The first Glastonbury Festival 2019 lineup poster has been released and, oh my goodness. Why so much excitement, you ask? Because not only does it mark the official countdown to the return of the UK's biggest and most loved festival, but it also proves that – contrary to the shortfalls of other festival lineups – a slamming gender-balanced lineup is totally possible. Just look at the calibre of women on the bill.
Glastonbury shared its first poster on Twitter on Friday morning, and announced this year's final two Pyramid Stage headliners. Joining Stormzy are The Killers and The Cure. But if you allow your eyes to float down the rest of the list, you'll find an impressive selection of the hottest women in music right now.
With each woman's name may I invite you to release an impassioned "yasss!" or "woo!" into the world. A standing ovation for the following, please. Miley Cyrus, whose catalogue of music stretches over a decade now. Ms Lauryn Hill, who's been touring for the 20th anniversary of her Miseducation album this year. Janelle Monáe, an artist whose last album was received with resounding acclaim and mutual consensus across the biz as one of the best of 2018. Pray she brings the vagina trousers. Christine and the Queens needs no introduction after the success of Chris and can we take a moment to celebrate the legend that is Sheryl Crow? Clap harder, kids.
Team UK is smashing it right now too, of course. The proof is once again in the lineup. Please see: Jorja Smith, Anne-Marie, Stefflon Don, Little Simz, Pale Waves, This Is The Kit and Shura. Worthy Farm will also be graced with appearances from (deep breath) Sigrid, King Princess, Lizzo, Neneh Cherry, Rosalia, Santigold, Mavis Staples, Kate Tempest, Sharon Van Etten, Aurora, Fatoumata and Billie Eilish.
We're already concerned about set clashes. And though the lineup wildly exceeds the likes of Wireless, whose brazen lack of women shocked everyone last year, and Reading and Leeds Festival, who have hosted only one female-fronted headliner in 20 years, the team at Glastonbury know there's still more to do.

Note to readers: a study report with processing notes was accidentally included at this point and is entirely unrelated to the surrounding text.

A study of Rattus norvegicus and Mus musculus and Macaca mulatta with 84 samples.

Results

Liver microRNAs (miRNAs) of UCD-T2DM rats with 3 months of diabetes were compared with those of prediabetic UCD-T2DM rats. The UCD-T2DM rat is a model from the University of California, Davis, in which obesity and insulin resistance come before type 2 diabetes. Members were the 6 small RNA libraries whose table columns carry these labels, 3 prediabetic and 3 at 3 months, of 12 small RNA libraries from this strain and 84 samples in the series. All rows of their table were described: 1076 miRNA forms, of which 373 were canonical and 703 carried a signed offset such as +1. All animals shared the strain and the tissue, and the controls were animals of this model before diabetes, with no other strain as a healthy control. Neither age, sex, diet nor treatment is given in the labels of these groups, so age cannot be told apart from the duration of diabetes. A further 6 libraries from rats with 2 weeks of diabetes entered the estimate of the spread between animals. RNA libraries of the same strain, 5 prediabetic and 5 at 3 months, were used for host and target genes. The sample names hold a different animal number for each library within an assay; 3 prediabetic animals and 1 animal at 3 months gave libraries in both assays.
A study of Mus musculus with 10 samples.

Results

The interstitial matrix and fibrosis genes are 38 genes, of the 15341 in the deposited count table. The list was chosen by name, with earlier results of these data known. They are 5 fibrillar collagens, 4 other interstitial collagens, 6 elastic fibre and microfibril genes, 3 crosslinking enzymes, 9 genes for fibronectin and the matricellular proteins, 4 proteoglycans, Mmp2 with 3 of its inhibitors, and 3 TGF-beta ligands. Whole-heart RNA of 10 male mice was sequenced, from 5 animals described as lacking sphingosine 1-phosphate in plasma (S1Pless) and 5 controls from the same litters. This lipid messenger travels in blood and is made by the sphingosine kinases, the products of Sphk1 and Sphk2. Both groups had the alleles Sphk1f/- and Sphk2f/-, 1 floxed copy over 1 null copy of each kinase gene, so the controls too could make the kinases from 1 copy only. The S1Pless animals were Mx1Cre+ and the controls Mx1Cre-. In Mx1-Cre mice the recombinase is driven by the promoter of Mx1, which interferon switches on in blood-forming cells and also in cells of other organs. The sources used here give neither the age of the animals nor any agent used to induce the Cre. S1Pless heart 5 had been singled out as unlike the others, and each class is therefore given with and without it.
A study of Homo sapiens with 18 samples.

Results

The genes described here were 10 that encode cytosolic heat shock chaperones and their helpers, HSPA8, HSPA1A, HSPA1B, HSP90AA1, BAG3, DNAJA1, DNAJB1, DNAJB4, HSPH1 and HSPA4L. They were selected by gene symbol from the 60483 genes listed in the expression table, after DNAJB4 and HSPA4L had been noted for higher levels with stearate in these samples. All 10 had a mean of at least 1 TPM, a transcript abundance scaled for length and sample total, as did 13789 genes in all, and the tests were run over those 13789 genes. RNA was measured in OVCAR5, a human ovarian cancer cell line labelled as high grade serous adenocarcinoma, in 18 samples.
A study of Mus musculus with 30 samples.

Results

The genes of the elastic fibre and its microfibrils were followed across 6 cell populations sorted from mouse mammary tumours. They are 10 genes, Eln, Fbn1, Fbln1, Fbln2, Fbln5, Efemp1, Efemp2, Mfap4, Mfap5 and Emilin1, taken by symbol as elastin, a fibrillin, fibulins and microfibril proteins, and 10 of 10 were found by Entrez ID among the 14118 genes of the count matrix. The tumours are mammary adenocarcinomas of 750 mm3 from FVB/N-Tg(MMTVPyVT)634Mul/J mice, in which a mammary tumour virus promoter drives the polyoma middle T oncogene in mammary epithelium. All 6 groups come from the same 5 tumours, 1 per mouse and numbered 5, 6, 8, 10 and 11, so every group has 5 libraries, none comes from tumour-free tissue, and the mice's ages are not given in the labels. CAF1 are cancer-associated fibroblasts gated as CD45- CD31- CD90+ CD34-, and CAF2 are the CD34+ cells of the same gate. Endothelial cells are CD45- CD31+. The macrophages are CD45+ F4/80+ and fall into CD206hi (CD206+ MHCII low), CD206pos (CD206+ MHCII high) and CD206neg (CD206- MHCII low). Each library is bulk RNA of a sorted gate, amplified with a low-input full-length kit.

The BBC reports that 42% of the current lineup (which is due to be expanded over the coming months) is female. Speaking in an interview last month, festival organiser Emily Eavis explained that "gender balance is something I consider at every stage of the booking process." She added: "We're a little way off being 50/50 across the whole festival, but in 2017 the Park Stage was 50/50 and that will be the case on other stages this year. We're definitely moving in the right direction."
Though the majority would recognise the breadth of female talent as a great thing, some Twitter users seem unenthused at the prospect of progress in the name of good music.
Underwhelmed. Gone completely overboard getting female vocalists just to be seen to be inclusive. Mikel Cyrus, Janet Jackson, Lauryn Hill, Anne Marie, Sheryl Crow etc on top of Kylie, Janelle.— Neil (@npmpix) March 15, 2019
Hope Catfish, Bloc Party, Foals, Royal Blood still to follow...jeez. #glastonbury2019
"Gone completely overboard getting female vocalists just to be seen to be inclusive," one unhappy and "underwhelmed" Twitter user replied to the announcement.
Though gender parity remains depressingly unfamiliar territory in the music industry and beyond, the excitement over this year's lineup is twofold. The 42% of women on that list proves that there is commitment among the movers and shakers of the festival world to levelling a playing field that for so long has been dominated by male musicians. On top of that, though, is that Glastonbury has managed to gather some of the coolest and most relevant women in the game right now, and popped them alongside legends of years gone by. Lizzo meets Lauryn Hill. Jorja Smith meets Neneh Cherry. King Princess meets Sheryl fucking Crow! How often does that happen on such a scale? This is a good year. It goes without saying that we'd love to see a lineup that boasted all-female headliners. But every time a festival produces a bill like this one, we're one step closer to seeing it happen.